New Treatment for Celiac Disease?
Research Shows Blocking a Protein May Reverse Celiac Disease Symptoms
WebMD News Archive
More Celiac Treatments Needed continued...
“At this point, the new study holds theoretic promise,” says Gerard Mullin, MD, an associate professor of medicine at Johns Hopkins School of Medicine and the director of Integrative Nutrition Services at the Johns Hopkins Hospital in Baltimore.“IL-15 may be a major player in driving the inflammatory response in celiac disease, and if we block it, you can tolerate gluten.
“A drug that blocks IL-15 may be most beneficial in people with really aggressive disease that doesn’t respond to conventional dietary measures,” Mullin says. For people with celiac disease, “today’s day and age is better to live in than 10 years ago due to increased availability of gluten-free foods and gluten-free menu options."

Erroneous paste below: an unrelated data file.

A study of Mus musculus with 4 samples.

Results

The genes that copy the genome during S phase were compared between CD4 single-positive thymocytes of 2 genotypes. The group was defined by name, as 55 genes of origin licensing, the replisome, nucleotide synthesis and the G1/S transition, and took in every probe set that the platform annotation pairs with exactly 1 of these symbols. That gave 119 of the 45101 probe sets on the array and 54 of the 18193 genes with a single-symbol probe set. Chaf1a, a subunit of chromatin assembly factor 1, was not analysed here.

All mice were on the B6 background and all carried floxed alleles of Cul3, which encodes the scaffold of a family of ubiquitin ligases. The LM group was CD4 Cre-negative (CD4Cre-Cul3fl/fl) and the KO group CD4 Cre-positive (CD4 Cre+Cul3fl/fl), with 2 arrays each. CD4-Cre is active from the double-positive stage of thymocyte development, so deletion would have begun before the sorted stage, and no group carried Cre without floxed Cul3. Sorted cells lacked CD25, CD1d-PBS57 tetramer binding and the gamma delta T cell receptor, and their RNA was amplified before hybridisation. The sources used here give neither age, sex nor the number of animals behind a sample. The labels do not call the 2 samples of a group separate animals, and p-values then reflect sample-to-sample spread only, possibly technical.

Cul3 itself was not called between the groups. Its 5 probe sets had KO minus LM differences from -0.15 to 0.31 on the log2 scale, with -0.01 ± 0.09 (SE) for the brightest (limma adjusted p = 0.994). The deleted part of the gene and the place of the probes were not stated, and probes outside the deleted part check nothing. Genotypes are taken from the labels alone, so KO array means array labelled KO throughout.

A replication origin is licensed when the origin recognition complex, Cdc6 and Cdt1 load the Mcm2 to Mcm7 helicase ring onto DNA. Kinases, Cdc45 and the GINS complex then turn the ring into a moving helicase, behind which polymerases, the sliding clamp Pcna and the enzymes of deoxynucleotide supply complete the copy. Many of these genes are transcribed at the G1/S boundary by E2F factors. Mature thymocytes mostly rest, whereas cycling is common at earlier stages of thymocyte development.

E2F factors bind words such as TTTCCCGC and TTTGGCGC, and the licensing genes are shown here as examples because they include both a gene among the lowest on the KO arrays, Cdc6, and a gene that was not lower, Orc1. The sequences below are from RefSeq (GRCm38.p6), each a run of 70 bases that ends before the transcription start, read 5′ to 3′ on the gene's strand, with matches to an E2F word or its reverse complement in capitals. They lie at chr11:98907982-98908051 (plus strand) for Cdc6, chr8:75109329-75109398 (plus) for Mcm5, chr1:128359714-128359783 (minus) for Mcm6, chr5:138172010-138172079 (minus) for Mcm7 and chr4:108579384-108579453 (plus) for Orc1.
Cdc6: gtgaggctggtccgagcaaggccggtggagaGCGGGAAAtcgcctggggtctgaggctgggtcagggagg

Celiac disease is on the rise in the U.S., he says.
“The prevalence has jumped four to five times since the 1940s, but we are not clear why,” Mullin says. “Many food experts have speculated that it is the way grains are processed here, but we do see it in Italy and other places.”
Diagnosing celiac disease is not always straightforward, he says. Blood tests that look for the presence of certain antibodies are the first step. If the results are positive, many doctors will order a biopsy of the small intestine to confirm the diagnosis. This biopsy can also help assess the degree of damage, but “even the biopsy can miss it,” he says.
Richard Desi, MD, a gastroenterologist at the Melissa L. Posner Institute for Digestive Health and Liver Disease at Mercy Medical Center in Baltimore, says that blocking IL-15 may well help some people with celiac disease.
“This may not be it for everybody, but maybe it can help some people,” he says. “We are starting to understand celiac disease a lot more and diagnose it a lot more. The hope is that we will be able to come up with a treatment that doesn’t just involve a gluten-free diet."